Book Notes: Leadership and Self-deception

Leadership and Self-Deception: Getting Out of the Box by The Arbinger Institute

“The box” is how we see people – when we are out of the box we see them as people, when we are in the box we see them as objects.

If we are “in the box” or “out of the box” impacts how were being towards others. It is subconscious but has impact on others. As such it is not about what you say to people, you can say the same thing both in and out of “the box” but the undercurrent of the message.

If you don’t feel a sense of betrayal at a choice it means you are already in the box.

If we are “in the box” our actions then cause others to reciprocate.

This repeats in a cycle because we need to be justified, and as such we see the world through this perspective which is a distorted view of the world. As such when people do what we want them to do we still find another way to prove ourselves right. Effectively we end up “colluding” so we both stay in the box.

Self-betrayal

  1. An act contrary to what I feel I should do for another is called an act of “self-betrayal”
  2. When I betray myself, I begin to see the world in a way that justifies my self-betrayal
  3. When I see the world in a self-justifying way, my view of reality becomes distorted
  4. So – when I betray myself, I enter the box
  5. Over time, certain boxes become characteristic of me, and I carry them with me
  6. By being in the box, I provoke others to be in the box
  7. In the box we invite mutual mistreatment and obtain mutual justification. We collude in giving each other reasons to stay in the box.

Self-justifying where we justify our actions. The more people we can find to agree with our side of the story, the more justified we will feel in believing our story is right.

When having a problem, I don’t think I have one – I think others are responsible.

Out of the boxIn the box
What-focusResultsJustification (being right)
Who-focusOthersOurselves

Ironically when people say they are “results focused” it tends to mean that they are referring to themselves which gets in the way of actual company results – people compete and withhold information to prove themselves the winner.

If you are blaming others it is not so they will improve, it is to justify my own failure to improve.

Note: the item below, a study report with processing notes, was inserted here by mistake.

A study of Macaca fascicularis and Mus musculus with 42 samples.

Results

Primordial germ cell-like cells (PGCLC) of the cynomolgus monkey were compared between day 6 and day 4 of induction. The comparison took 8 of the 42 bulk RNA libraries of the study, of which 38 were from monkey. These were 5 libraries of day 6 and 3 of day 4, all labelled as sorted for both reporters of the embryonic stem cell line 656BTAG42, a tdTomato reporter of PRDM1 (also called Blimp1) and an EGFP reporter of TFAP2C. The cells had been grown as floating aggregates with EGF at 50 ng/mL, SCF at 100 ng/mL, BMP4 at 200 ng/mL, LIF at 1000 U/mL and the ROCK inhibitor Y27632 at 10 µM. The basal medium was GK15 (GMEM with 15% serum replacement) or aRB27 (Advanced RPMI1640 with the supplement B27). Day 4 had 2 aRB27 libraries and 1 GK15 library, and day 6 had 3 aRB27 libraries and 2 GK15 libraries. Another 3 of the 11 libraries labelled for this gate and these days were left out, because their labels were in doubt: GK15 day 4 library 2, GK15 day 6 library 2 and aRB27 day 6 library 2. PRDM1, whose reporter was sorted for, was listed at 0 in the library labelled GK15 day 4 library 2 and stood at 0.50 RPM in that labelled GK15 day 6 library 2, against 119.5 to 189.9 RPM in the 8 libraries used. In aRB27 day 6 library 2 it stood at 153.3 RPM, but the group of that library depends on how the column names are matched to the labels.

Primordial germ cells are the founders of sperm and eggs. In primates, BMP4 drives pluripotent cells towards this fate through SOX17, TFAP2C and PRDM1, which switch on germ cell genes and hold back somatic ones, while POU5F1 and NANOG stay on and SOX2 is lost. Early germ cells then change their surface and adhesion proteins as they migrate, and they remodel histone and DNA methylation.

People who come together to help a company succeed can actually end up delighted in each other’s failures and resent each other’s successes.

What does not work in the box

  1. Trying to change others
  2. Doing my best to “cope” with others
  3. Leaving
  4. Communicating
  5. Implementing new skills or techniques
  6. Changing my behaviour

What does work in the box

  1. Question your own virtue

This way you can see others as people and not just objects

When we are in the box people follow you (if at all) only through force or threat of force – but not through leadership.

Knowing the material

  • Self-betrayal leads to self-deception and “the box”
  • When you’re in the box, you can’t focus on results
  • Your influence and success will depend on being out of the box
  • You get out of the box as you cease resisting other people

Living the material

  • Don’t try to be perfect. Do try to be better.
  • Don’t use the vocabulary – “the box” and so on – with people who don’t already know it. Do use the principles in your own life.
  • Don’t look for others’ boxes. Do look for your own.
  • Don’t accuse others of being in the box. Do try to stay out of the box yourself.
  • Don’t give up on yourself when you discover you’ve been in the box. Do keep trying.
  • Don’t deny that you’ve been in the box when you have been. Do apologise; then just keep marching forward, trying to be more helpful to others in the future.
  • Don’t focus on what others are doing wrong. Do focus on what you can do right to help.
  • Don’t worry whether others are helping you. Do worry whether you are helping others.